Two mysteriously magical things from the Apple TV install

A lot has been written criticizing the new Apple TV. Chief among these were the limitations of the on-screen keyboard, the lack of an iOS app letting you use the keyboard from your iOS device to do your typing, and the inability to link a Bluetooth keyboard for that same purpose.

Fair points, all.

Yesterday, I got my Apple TV in the mail. My installation experience was great. Yes, I would have preferred a faster way of typing, but the whole installation took me about 10 minutes, including the time it took me to download apps for Netflix and HBO Go, and setup/login to both services.

One of the first things I did once I had control of the interface was disable password prompts for free and paid app downloads. I strongly recommend this approach. It will save you lots of typing. And, once you’ve got your Apple TV set up the way you like it, you can always re-enable password requirements as you like.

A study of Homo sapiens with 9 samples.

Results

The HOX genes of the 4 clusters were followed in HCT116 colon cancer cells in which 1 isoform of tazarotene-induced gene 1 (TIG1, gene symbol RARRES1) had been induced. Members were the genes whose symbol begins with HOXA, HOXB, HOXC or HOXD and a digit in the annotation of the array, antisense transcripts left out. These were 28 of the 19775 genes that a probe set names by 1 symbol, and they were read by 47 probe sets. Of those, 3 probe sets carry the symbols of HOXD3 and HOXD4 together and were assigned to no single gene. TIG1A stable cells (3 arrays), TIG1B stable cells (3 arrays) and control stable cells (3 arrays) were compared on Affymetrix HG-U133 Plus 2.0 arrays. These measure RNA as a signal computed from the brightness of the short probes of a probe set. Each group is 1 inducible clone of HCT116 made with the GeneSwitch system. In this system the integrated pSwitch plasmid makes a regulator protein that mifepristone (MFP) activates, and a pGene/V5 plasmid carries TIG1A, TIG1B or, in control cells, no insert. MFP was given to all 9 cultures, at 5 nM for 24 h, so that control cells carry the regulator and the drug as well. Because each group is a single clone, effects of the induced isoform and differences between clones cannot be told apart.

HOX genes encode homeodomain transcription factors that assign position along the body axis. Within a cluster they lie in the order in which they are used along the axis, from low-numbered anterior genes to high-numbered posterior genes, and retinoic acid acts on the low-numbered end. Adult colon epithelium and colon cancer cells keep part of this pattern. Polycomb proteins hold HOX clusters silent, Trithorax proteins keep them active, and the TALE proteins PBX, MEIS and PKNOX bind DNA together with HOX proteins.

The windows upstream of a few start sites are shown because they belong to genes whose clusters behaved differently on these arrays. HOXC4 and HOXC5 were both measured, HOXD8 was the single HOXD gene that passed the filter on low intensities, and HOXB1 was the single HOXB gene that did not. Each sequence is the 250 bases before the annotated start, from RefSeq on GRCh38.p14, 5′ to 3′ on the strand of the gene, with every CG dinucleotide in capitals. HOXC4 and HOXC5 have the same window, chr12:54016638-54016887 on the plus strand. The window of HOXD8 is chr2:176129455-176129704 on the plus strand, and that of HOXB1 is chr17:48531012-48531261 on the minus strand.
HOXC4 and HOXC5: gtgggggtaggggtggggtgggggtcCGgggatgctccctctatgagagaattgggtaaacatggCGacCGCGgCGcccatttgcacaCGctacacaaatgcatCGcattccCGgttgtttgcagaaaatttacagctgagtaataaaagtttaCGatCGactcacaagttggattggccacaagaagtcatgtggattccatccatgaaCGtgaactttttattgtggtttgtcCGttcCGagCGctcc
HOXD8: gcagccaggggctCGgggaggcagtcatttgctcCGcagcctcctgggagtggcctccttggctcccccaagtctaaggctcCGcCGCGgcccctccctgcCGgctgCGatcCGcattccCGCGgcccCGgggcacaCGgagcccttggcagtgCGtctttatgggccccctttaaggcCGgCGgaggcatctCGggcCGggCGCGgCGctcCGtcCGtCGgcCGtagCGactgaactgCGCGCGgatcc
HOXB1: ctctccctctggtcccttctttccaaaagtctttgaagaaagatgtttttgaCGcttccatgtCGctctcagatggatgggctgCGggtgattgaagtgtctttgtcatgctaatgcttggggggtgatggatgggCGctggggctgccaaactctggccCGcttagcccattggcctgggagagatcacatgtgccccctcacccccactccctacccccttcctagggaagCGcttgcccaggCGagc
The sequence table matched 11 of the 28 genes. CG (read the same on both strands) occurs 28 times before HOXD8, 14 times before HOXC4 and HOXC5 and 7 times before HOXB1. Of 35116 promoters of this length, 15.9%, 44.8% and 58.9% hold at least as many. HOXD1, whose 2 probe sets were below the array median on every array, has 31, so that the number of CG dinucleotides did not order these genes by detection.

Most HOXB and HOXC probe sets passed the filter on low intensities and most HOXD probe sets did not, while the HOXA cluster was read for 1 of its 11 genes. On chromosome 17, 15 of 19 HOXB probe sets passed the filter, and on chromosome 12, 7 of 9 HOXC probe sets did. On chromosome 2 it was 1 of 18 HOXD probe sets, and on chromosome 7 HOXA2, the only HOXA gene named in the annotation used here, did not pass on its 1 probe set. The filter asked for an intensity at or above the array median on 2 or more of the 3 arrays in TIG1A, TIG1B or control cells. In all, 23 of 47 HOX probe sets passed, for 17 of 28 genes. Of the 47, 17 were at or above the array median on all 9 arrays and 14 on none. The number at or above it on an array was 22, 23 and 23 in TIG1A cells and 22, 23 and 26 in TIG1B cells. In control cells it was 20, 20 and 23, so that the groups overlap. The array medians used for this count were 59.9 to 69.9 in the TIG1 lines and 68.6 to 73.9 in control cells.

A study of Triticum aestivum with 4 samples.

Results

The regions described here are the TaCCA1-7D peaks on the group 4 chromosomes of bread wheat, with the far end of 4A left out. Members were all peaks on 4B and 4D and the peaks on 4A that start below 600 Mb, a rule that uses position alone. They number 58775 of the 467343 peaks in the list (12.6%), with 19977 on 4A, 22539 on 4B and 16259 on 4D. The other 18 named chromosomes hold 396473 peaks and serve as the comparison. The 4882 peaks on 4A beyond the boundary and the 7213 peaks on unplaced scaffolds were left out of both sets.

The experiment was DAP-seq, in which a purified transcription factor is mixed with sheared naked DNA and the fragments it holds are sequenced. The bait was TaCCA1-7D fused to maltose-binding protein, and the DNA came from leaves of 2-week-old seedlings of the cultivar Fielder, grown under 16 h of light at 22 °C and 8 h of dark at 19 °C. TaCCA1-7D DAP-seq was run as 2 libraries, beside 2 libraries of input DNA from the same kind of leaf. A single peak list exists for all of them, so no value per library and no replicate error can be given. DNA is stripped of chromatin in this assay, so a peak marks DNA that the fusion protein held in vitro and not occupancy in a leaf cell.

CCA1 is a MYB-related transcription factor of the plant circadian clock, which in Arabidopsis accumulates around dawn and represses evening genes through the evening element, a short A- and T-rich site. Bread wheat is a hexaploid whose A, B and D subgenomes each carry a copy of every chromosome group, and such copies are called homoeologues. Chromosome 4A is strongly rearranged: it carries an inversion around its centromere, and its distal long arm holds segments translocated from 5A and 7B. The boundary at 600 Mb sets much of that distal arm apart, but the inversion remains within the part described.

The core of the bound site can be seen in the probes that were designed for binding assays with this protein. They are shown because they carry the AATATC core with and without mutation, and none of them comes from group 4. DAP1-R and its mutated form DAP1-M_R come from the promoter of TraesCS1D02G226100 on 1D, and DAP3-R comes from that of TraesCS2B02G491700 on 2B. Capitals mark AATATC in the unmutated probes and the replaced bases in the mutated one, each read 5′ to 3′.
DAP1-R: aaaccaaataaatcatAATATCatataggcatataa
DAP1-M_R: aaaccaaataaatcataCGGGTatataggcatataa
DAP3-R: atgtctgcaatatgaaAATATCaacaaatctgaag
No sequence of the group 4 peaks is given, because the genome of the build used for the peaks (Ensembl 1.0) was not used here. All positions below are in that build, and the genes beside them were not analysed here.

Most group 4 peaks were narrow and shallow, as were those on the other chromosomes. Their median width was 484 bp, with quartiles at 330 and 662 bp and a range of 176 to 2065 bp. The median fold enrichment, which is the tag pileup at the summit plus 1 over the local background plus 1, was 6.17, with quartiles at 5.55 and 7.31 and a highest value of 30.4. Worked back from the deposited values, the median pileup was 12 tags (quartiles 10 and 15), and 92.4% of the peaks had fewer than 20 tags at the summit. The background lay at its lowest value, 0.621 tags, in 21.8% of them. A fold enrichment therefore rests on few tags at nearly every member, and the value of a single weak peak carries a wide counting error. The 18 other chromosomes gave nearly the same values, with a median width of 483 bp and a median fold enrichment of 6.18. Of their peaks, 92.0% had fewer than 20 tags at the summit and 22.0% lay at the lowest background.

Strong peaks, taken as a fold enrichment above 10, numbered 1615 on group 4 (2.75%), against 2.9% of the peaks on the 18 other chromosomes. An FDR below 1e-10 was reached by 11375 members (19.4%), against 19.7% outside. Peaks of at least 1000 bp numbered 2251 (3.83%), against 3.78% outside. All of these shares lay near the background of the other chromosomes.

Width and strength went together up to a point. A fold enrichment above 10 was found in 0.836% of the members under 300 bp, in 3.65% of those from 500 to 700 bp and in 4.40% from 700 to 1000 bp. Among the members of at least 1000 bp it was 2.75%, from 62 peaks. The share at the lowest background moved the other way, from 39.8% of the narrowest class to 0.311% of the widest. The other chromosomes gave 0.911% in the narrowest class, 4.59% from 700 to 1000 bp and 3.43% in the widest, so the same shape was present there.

OK, on to the magic part.

The first bit of finery was when I noticed that I never typed in my WiFi password. Apple TV used my iOS device to do its initial setup, asking me to enable Bluetooth on my iOS device and place it near the Apple TV (my spot on the couch was close enough). Somehow, in all that setup, my WiFi password (which is a wicked-long series of random characters) was entered for me. Magic that I appreciated.

I didnt recognize the second bit of magic until long after the install was finished. Though I never did a thing to enable this, my Apple TV remote volume controls worked on my TV. I’ve heard a number of different explanations as to how this was possible (some IR magic, or a protocol embedded in the HDMI connection), but it doesn’t matter. It just worked. More magic.

So, I hear the thing about the keyboard, and I absolutely see the value in fixing things so we have a faster way of typing, but I have to say, the Apple TV install was a home run for me.